Saturday, November 24, 2018

This Week in Texas Methodist History   November 25

TCA Reports on Move of Publishing House to Dallas, Nov. 29, 1900

On November 29, 1900 the Texas Christian Advocate ran the following:

The step (establishing a branch Publishing House in Dallas), was not taken un-advisedly, it was no reckless adventure. . . Situated in one of the most prosperous positions of our great nation, among people of virile and healthy minds, and environed by as genuine literary talent and culture as exist on our continent, this new enterprise b ids fair to assume large proportions and influence.  

John H. McLean, president of the Board of Publication wrote, The candlestick is removed from the isle of the sea and set in the midst of the people. 

The 1887 relocation of the Publishing House from Galveston to Dallas was an acknowledgement of new demographic and technological realities brought about by the post Civil War railroad construction.   The railroads shifted the main commercial and migration patterns away from Galveston to the interior of the state.  Dallas emerged as the transportation hub that linked the most densely populated part of Texas to Chicago, St. Louis, Kansas City, Memphis, and other important U. S. cities.  Previously the New Orleans-Galveston sea lane provided the most important commercial link of Texas to the rest of the United States.  

Texas Methodists were not the only journalists to recognize the need to change.  In 1885 A. H. Belo sent G. B. Dealey from the Galveston News to Dallas to start the Dallas Morning News.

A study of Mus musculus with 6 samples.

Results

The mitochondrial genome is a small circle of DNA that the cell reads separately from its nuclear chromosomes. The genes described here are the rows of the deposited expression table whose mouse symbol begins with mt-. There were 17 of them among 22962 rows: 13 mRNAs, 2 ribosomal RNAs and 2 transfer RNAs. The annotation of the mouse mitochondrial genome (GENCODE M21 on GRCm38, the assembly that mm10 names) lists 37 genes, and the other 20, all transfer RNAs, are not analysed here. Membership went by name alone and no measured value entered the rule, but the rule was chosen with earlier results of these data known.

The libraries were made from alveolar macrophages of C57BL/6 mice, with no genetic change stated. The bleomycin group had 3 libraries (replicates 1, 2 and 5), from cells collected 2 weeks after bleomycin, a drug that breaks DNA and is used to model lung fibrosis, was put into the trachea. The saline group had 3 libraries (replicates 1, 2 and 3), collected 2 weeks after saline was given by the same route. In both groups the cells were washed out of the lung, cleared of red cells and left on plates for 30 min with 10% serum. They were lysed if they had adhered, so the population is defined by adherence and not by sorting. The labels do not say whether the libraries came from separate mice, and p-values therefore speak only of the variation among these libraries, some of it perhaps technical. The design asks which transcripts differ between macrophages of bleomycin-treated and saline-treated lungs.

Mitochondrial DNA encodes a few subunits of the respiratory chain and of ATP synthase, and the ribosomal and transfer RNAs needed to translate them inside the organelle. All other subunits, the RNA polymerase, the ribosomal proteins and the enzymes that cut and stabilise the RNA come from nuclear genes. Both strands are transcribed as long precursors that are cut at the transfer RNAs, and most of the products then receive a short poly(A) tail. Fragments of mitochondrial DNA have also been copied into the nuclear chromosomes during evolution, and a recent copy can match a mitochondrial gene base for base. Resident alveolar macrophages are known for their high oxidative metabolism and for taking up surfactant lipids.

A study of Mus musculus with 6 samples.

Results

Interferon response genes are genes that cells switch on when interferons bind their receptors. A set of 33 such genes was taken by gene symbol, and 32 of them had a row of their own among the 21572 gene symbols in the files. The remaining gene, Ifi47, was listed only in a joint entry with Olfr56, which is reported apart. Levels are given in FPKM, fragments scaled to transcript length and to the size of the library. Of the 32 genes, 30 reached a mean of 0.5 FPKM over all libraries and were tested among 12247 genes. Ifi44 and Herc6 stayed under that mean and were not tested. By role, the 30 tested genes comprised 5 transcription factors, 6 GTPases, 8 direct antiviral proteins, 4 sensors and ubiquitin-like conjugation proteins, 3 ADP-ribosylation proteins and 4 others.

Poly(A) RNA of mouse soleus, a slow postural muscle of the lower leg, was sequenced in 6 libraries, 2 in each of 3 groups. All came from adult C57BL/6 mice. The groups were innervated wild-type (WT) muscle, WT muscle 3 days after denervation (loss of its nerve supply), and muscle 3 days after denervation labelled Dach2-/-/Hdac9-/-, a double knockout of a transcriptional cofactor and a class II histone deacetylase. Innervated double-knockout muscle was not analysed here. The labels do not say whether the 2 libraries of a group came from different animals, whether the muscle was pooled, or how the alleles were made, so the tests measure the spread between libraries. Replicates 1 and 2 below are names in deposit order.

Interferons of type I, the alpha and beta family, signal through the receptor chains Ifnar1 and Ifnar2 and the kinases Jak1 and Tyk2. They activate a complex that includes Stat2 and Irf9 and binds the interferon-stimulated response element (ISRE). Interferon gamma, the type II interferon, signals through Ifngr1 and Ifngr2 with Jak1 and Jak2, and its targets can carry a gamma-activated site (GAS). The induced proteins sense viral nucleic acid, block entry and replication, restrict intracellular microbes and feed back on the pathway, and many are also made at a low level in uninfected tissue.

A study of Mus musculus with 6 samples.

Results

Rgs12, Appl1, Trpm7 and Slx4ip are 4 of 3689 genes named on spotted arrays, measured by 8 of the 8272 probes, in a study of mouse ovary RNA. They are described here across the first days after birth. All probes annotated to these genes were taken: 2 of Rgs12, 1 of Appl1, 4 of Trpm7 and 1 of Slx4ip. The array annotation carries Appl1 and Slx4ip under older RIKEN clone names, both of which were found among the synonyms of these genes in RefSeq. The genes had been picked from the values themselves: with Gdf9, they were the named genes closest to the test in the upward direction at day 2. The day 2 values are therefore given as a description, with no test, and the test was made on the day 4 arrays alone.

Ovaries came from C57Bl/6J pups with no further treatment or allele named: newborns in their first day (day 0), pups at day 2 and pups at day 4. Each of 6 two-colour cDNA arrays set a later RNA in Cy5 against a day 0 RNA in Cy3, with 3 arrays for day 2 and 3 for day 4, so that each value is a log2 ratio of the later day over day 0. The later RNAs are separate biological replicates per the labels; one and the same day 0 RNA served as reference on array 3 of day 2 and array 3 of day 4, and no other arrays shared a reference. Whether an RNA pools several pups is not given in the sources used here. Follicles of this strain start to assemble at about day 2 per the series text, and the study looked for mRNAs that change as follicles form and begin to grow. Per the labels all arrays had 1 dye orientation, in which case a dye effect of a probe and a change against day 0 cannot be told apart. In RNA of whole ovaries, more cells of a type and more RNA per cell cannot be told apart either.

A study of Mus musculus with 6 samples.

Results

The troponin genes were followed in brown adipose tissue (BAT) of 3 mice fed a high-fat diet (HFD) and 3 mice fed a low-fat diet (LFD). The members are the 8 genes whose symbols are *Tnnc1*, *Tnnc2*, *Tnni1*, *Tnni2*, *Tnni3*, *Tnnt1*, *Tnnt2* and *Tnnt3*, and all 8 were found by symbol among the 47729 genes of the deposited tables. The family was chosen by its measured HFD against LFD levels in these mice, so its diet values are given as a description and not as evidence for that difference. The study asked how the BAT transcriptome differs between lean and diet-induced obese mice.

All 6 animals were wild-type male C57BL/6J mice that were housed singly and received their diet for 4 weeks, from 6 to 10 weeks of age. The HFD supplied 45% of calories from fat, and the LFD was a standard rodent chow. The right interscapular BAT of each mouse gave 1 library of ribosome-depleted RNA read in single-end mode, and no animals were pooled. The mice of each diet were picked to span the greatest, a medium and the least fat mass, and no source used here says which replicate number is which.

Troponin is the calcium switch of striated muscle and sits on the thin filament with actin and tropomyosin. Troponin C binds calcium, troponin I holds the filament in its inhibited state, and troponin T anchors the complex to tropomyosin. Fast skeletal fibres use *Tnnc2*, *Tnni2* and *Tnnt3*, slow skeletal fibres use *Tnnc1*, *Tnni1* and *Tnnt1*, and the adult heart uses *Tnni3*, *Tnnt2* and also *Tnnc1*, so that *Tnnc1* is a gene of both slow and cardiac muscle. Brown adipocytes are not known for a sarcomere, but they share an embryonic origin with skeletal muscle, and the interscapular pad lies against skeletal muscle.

Although Texas Methodist Publishing began in Brenham, the Advocate soon moved to Galveston where both English and German Methodist newspapers were produced.    Galveston made an ideal location because the Publishing House also served as a book store, warehouse, and job printing office.  A port location made sense so that Methodist literature, newsprint, and other printing supplies could be imported.  

Galveston also made sense from a journalistic perspective.  Galveston was the most important cotton market in Texas, and because of its prominence had the most advanced communication facilities of any Texas city.   Markets of all types depend upon up to date information.  Knowing the price of cotton in the Memphis or New Orleans before ones competitors could make the difference between fortune or bankruptcy so Galveston was well connected.  The cotton factors would hire boys to meet incoming ships bearing newspapers from other cities in their quest to get the news first. 

Telegraphy made such actions obsolete, and the comparative advantage of a port location disappeared.  Since the railroads were coming to Texas for cotton, it made sense to build the rails to the most productive cotton lands, the Blackland Prairie.  Dallas took advantage of the new rail connections better than any other Blackland Prairie city.  

Dallas parlayed its advantages as a transportation hub for cotton into regional dominance in other fields.  It became the banking, insurance, and warehousing/distribution center for the entire South Central portion of the United State. 

 When it secured the site of SMU, Dallas ensured its position as the center of Texas Methodism.   The preeminence of Dallas with both a university (after 1915) and publishing house was analogous to that of Nashville for the Southeastern United States for the MECS and Cincinnati, Ohio, for the German conferences of the MEC.